Going back to how things were before coronavirus isn't an option
How will you look back on 2020? With sadness, regret, or with just sheer bloody relief that you’ve simply survived?
Regardless of your viewpoint, any retrospective of the last 12 months will undoubtedly be dominated by one thing and one thing only – COVID-19.
A virus that didn’t even have a name as we began the year but a few months on has wreaked a path of death, despair and social and economic destruction.
This pandemic hasn’t just been a global health crisis, it has changed our world and the way we live in it.
The foundations of our relationship with government, with work, and even with each other, have been unalterably shaken.
When simply hugging a parent, a newborn or even someone bloodied or dying requires you to have a second thought, a moment of hesitation as you consider your safety, that is a measure of how fundamentally this new normal has upturned how we used to live and to love.
The First Minister has said that she is not the same person that she was going into this crisis. And the same must apply to us all.
And for some, going back to how it was, won’t be an option.
For the thousands that have died, there is no second chance, no opportunity to start again. No rerun or time to say ‘goodbye’.
And for those who are grieving, who were deprived of that precious moment to comfort loved ones as they breathed their last, that’s a time that can’t be replayed. It’s over, and the regret and the ‘if onlys’ will be a long-running sore.
For the thousands of people that have lost their jobs, their homes, their hope, they can’t just turn the clock back and wish it all away. This is their new reality.
And even for those born into this extraordinary time, their lives will be forever scarred by a world that they can’t even recall.
Children too young to understand why they can’t play with their friends or hug their grandparents, or have the freedom to just be, they will carry deep-seated roots of anxiety born from the emotional distress of not knowing who or what is safe anymore.
And for teenagers on the cusp of adulthood, their education and future job prospects will be forever judged on exams they failed but never sat. A blight on a CV that identifies them as the COVID generation.
Physical lives haven’t just been lost to this pandemic, it’s killed ambition, strangled hope and been an assault on our very souls.
A common refrain from our political leaders has been that they will have made mistakes. It’s a caveat they must make given the evidence from our care homes and our classrooms.
Old people were undoubtedly the collateral damage of a knee-jerk health policy designed to protect an institution, but that ultimately sent the elderly to their death.
And others, people with cancer or other life-threatening diseases, have lived every excruciating day with a time bomb ticking away as their treatment was put on hold.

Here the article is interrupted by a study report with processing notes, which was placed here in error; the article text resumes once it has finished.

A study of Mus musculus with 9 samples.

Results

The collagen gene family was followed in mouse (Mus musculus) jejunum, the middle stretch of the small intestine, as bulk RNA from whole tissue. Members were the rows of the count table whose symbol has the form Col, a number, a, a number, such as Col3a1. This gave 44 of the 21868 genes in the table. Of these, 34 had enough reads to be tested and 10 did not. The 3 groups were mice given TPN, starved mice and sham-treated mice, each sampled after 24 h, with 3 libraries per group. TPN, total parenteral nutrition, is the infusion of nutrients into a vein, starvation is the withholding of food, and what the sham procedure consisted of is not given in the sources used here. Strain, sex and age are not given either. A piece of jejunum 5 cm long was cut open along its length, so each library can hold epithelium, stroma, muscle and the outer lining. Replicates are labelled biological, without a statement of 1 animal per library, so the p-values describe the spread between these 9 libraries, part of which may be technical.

Failing hearts that couldn’t cope with the stress and just stopped beating.
My neighbour, too caring to bother a doctor during a pandemic with a stomachache, who struggled on until he could take it no more and drove himself to A&E where he collapsed and later died.
An elderly friend of a friend found hanging after weeks of isolation.
A pensioner in Glasgow found starved to death because she was too frightened and too confused about the rules to go shopping.
These stories are real and can be multiplied many times over. But it won’t say that COVID killed them.
It is too much to process and yet each and every one of us is carrying bits of this around in a pressure cooker half-life that some no longer think is even worth living.
How can we believe that we can ever get back to anything resembling normal?
And yet we must.
But even as the UK Government ‘winds down’ its response to the pandemic and encourages offices to get back to work, no one can afford to believe that this is all over – Aberdeen shows us that.
And there is no vaccine.
Masks, sanitiser, distancing, and test and trace, all will become part of our ongoing lives.
On 31 December last year, the Chinese media reported for the first time on an outbreak of a viral pneumonia in the city of Wuhan. It seemed so far away, a foreign disease affecting foreign people. Eight months on, with more than 4,000 people in Scotland dead, 46,000 across the UK, and more than 20 million people infected across the world, there is no ‘over there’. We are all of one world.
But paradoxically, we have also learnt that we are not all in this together.
Yes, the virus is universal – it is a threat to us all. But its impacts are deeply unequal. The harshest consequences of this disease reflect the deeply entrenched inequalities that were already there. If you are black, poor, or disabled, this virus will hit you the worse.
Coronavirus has not created inequalities; it has shone a light on them.
It does feel dismal. But we will weather this crisis. We have survived plagues before. But life will be different. There must be no return to what went before, and the new normal, the world we create, a more equal world, is in our hands.